Compare any two graphics cards:
GeForce 8400 GS 512MB vs GeForce 9500 GT DDR2
IntroThe GeForce 8400 GS 512MB comes with a core clock frequency of 650 MHz and a DDR2 memory speed of 400 MHz. It also uses a 64-bit bus, and uses a 80 nm design. It features 16 SPUs, 8 TAUs, and 4 ROPs.
Compare those specifications to the GeForce 9500 GT DDR2, which has a core clock speed of 550 MHz and a DDR2 memory frequency of 500 MHz. It also makes use of a 128-bit memory bus, and makes use of a 65 nm design. It is comprised of 32 SPUs, 16 Texture Address Units, and 8 ROPs.
(No game benchmarks for this combination yet.)
Power Usage and Theoretical Benchmarks
Power Consumption (Max TDP)
The GeForce 9500 GT DDR2 should in theory be much faster than the GeForce 8400 GS 512MB in general. (explain)
Texel RateThe GeForce 9500 GT DDR2 will be a lot (about 69%) faster with regards to texture filtering than the GeForce 8400 GS 512MB. (explain)
Pixel RateThe GeForce 9500 GT DDR2 will be a lot (about 69%) more effective at full screen anti-aliasing than the GeForce 8400 GS 512MB, and also should be capable of handling higher screen resolutions better. (explain)
Please note that the above 'benchmarks' are all just theoretical - the results were calculated based on the card's specifications, and real-world performance may (and probably will) vary at least a bit.
Please note that the price comparisons are based on search keywords - sometimes it might show cards with very similar names that are not exactly the same as the one chosen in the comparison. We do try to filter out the wrong results as best we can, though.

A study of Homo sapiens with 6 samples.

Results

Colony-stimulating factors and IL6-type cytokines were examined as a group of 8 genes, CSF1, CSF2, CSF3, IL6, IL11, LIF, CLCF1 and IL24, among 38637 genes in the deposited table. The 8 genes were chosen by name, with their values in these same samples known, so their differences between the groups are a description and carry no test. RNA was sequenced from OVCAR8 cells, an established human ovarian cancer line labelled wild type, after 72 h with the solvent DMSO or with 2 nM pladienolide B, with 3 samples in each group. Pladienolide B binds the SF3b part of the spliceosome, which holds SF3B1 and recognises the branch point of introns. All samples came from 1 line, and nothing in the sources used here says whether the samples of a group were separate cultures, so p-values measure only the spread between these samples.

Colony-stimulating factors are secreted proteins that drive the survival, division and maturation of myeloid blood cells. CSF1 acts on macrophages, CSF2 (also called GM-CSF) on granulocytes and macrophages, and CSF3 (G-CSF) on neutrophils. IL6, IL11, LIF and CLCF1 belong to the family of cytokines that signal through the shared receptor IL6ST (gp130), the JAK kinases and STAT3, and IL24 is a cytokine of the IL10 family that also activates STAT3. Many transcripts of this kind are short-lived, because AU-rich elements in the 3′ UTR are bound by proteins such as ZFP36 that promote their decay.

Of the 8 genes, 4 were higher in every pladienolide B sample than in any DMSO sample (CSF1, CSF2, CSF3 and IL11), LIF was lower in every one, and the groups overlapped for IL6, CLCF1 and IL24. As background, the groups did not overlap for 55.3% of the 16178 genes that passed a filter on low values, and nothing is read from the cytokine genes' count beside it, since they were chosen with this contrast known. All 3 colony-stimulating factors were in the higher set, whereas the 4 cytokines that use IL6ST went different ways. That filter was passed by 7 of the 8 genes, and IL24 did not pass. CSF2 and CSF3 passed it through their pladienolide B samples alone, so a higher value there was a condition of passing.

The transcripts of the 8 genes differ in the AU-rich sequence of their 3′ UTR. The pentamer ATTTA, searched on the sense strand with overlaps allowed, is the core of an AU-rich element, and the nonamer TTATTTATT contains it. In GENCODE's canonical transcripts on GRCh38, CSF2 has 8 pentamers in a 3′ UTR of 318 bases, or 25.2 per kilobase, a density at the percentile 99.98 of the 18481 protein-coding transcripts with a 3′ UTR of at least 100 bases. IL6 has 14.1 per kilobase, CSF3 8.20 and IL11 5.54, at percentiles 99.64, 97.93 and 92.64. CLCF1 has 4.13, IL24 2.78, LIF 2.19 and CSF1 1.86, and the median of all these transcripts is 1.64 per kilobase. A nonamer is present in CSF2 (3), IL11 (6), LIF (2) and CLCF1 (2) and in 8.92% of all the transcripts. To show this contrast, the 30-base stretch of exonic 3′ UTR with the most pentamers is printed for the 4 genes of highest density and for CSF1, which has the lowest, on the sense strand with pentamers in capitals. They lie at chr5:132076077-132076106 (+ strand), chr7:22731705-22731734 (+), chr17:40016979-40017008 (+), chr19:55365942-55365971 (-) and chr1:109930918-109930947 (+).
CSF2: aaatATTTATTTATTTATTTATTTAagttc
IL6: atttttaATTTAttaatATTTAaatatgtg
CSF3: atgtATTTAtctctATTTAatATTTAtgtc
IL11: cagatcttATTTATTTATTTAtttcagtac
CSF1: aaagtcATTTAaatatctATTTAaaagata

Memory Bandwidth: Memory bandwidth is the maximum amount of information (in units of megabytes per second) that can be transported past the external memory interface in one second. It's worked out by multiplying the interface width by its memory speed. In the case of DDR type memory, it should be multiplied by 2 again. If DDR5, multiply by ANOTHER 2x. The better the bandwidth is, the faster the card will be in general. It especially helps with AA, High Dynamic Range and higher screen resolutions.
Texel Rate: Texel rate is the maximum texture map elements (texels) that can be processed per second. This number is calculated by multiplying the total number of texture units by the core speed of the chip. The better this number, the better the card will be at texture filtering (anisotropic filtering - AF). It is measured in millions of texels applied in a second.
Pixel Rate: Pixel rate is the maximum amount of pixels that the graphics card could possibly record to its local memory per second - measured in millions of pixels per second. Pixel rate is worked out by multiplying the number of Render Output Units by the the card's clock speed. ROPs (Raster Operations Pipelines - aka Render Output Units) are responsible for filling the screen with pixels (the image). The actual pixel fill rate also depends on quite a few other factors, especially the memory bandwidth - the lower the memory bandwidth is, the lower the ability to get to the max fill rate.